Tori Spelling 07: Can Feuding Adult Children Really Reconcile with Parents?

With the birth of her new baby, Tori Spelling has renewed a relationship with her mother. But is it real—and what can we learn about family reconciliations?

Tori’s dispute with her mother arose from negative comments Tori made about her mother on Tori’s VH1 sitcom, “So NoTorious.” It seemed as though the split between them was permanent until two life-altering events changed everything—the death and mourning of Tori’s father and Tori’s pregnancy and birth of her child.

Death and birth are powerful family events that often result in bringing family members back together. Each event provides a built-in reason for renewing distant or troubled relationships. Sometimes, however, the attempts at reconciliation backfire and produce a riff that is more potent than the original disagreement.

Here is a short list of suggestions to increase the possibility of making long-lasting and healthy family peace. Remember, these are only suggestions, and some may not apply in your situation. There is no one right formula for everyone.

  1. If you are part of the problem, apologize briefly for your part. Try to resist the temptation of adding those “taglines” that only stir the emotional pot. For example, try to avoid saying things such as: “This wouldn’t have happened if you…..”
  2. Don’t over-explain why you did what you did. Try to aim for 3-5 sentences maximum. If you are angry, report your anger rather than BE your anger. You can say, for example, “On a scale of 1-10, I was hurt a ten.”
  3. Get solution-oriented. Keep you focus on the future rather than the past. Tell the other person what you would like your future relationship to be. For example, you (or Tori) could suggest doing something together two or three times a month together.
  4. Set the ground rules. You could promise each other to give advice only when asked and to keep all comments positive.
  5. Try to resist the temporary high that sometimes accompanies reconciliations. This high is often followed with a painful crash. Why? The joy of feeling loved and accepted from a parent (or any other important family member) seems to fill that empty hole in your heart. Your long-standing feelings of being undervalued, misunderstood and unloved weaken. Hopes increase—only to be dashed. The new relationship is fragile and cannot bear the weight of fixing your past hurts.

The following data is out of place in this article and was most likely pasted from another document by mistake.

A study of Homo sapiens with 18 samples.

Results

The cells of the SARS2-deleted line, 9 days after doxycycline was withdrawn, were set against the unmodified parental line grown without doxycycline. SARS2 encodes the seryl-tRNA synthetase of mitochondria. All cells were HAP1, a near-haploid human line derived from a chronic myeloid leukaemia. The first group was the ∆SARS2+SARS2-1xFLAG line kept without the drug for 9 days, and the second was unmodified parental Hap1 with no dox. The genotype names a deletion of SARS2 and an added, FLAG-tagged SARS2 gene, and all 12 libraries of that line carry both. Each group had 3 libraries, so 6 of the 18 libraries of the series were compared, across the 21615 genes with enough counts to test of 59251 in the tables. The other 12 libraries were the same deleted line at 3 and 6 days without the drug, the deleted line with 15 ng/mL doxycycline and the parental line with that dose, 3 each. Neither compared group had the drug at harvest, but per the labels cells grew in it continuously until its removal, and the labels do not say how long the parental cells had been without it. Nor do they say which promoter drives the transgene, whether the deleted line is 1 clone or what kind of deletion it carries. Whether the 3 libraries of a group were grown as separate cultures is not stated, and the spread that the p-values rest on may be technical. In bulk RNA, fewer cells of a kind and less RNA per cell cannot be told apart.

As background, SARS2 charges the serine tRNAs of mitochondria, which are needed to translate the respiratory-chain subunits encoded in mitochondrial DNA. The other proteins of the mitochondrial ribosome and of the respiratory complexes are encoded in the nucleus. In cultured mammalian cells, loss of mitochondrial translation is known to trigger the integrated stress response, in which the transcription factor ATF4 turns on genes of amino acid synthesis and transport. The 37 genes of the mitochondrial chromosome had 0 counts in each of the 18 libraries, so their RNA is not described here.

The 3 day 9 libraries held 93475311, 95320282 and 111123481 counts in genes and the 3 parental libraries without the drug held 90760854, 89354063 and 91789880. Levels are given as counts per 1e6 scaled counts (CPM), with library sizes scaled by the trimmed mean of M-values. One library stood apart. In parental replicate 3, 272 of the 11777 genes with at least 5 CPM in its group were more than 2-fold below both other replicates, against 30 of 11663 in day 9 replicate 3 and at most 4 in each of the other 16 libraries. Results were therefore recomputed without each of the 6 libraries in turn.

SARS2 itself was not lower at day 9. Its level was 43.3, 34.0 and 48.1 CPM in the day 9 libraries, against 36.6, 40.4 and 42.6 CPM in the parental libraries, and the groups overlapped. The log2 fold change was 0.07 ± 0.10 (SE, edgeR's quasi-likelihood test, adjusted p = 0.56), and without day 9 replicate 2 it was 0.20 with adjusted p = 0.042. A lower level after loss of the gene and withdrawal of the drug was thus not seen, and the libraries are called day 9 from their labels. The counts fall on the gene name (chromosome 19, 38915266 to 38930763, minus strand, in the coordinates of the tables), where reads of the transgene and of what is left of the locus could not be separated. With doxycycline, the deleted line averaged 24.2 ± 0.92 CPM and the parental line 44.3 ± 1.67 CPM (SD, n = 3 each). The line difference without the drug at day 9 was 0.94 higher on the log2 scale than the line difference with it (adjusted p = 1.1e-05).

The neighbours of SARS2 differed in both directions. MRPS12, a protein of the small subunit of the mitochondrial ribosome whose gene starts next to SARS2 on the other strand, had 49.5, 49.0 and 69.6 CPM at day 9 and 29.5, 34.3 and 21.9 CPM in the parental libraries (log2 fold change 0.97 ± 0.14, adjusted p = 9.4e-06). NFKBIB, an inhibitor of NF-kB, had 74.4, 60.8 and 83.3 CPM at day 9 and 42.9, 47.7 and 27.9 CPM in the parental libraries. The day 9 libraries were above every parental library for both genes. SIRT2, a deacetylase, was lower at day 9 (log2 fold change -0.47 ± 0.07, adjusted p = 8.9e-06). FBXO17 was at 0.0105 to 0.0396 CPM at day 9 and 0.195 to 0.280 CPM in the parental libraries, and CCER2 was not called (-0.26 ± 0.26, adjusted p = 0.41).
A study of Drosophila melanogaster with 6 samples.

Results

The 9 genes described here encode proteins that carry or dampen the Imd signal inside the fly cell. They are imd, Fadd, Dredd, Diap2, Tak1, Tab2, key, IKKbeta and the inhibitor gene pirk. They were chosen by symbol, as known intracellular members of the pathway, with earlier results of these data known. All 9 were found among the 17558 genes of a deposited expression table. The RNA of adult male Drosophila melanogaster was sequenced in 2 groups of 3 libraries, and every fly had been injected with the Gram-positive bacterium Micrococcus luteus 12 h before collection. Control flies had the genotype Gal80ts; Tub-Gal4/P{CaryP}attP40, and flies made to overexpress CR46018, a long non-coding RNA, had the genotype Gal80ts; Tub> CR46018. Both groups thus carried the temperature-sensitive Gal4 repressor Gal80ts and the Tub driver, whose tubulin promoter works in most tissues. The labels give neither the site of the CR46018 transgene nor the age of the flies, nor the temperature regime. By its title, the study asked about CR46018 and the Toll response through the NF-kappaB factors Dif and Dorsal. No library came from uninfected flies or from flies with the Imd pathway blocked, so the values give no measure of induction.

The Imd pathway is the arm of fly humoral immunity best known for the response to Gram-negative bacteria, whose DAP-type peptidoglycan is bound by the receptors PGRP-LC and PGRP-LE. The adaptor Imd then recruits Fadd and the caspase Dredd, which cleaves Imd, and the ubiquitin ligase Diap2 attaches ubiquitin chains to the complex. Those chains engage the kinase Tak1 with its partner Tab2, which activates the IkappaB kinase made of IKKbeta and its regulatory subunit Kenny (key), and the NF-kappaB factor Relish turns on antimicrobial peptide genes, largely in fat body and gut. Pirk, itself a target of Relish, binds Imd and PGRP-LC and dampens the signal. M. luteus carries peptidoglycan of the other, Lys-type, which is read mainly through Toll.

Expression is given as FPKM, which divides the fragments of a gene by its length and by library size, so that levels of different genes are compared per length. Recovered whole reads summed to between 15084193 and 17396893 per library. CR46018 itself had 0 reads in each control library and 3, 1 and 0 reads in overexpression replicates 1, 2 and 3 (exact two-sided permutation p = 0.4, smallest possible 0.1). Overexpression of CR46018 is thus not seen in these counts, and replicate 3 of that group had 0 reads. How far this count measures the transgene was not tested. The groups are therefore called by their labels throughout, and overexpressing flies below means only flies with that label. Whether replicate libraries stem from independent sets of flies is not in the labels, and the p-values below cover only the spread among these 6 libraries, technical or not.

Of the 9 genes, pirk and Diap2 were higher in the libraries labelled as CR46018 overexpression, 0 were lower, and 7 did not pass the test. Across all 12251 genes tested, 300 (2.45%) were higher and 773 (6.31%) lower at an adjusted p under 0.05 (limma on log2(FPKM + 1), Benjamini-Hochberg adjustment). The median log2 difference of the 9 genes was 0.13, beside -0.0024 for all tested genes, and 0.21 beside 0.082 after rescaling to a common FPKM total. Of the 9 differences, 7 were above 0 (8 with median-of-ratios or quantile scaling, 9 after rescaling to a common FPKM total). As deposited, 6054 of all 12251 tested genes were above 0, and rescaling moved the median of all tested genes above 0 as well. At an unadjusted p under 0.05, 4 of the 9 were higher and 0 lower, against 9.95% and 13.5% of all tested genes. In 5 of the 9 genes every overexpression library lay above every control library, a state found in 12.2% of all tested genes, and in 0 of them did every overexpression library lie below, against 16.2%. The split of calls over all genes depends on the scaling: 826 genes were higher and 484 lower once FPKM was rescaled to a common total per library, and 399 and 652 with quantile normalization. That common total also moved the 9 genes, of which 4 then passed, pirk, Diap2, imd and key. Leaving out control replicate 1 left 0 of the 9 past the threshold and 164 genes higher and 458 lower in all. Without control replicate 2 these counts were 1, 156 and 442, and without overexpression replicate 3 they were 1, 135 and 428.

6. Relationships take time—especially broken ones. Give yourself time to establish a new track record. Measure your progress in terms of seasons. Change is usually not easy for any of us.
  7. Set realistic goals. Some parents are good at rallying—but not at following through. That one-time visit, for example, with your absent parent may not be followed up with many more contacts. Try to get a renewed appraisal of who you parent is or isn’t. Some people truly cannot “change their spots.” Ask yourself whether you are willing to accept the other person’s limitations.
  8. You do not need to forgive and reconcile in order to be emotionally healthy. Some parents commit terrible emotional crimes of abandonment and abuse, for example. You must determine for yourself what you are willing to accept, forgive and tolerate. Aim first for understanding how the other person got that way, and then see where that takes you.
  9. If painful and disruptive relationships continue, seek professional help from someone trained in family issues.
  10. Ask yourself, have my previous “efforts” been positive—or have my actions made the problem worse? For example, a common approach that is usually doomed to fail is the “pow-wow,” where you let your parent or family know everything they’ve done wrong. This kind of emotional dumping rarely works because it is laced with blame and no solution-focus. There might be hugs and apologies, but unless you establish some ground rules for future contact, you might have bared your soul in vain.
  11. Finally, ask yourself, “If my parent died and I didn’t try to establish a positive relationship, how regretful will I feel?”

And what about the future of Tori’s relationship with her mother? It depends on time, expectations and new behavior on both parts.


LeslieBeth Wish is a Psychologist, Clinical Social Worker and author who is nationally recognized for her contributions to women, love, relationships, family, career, workplace, and organizations.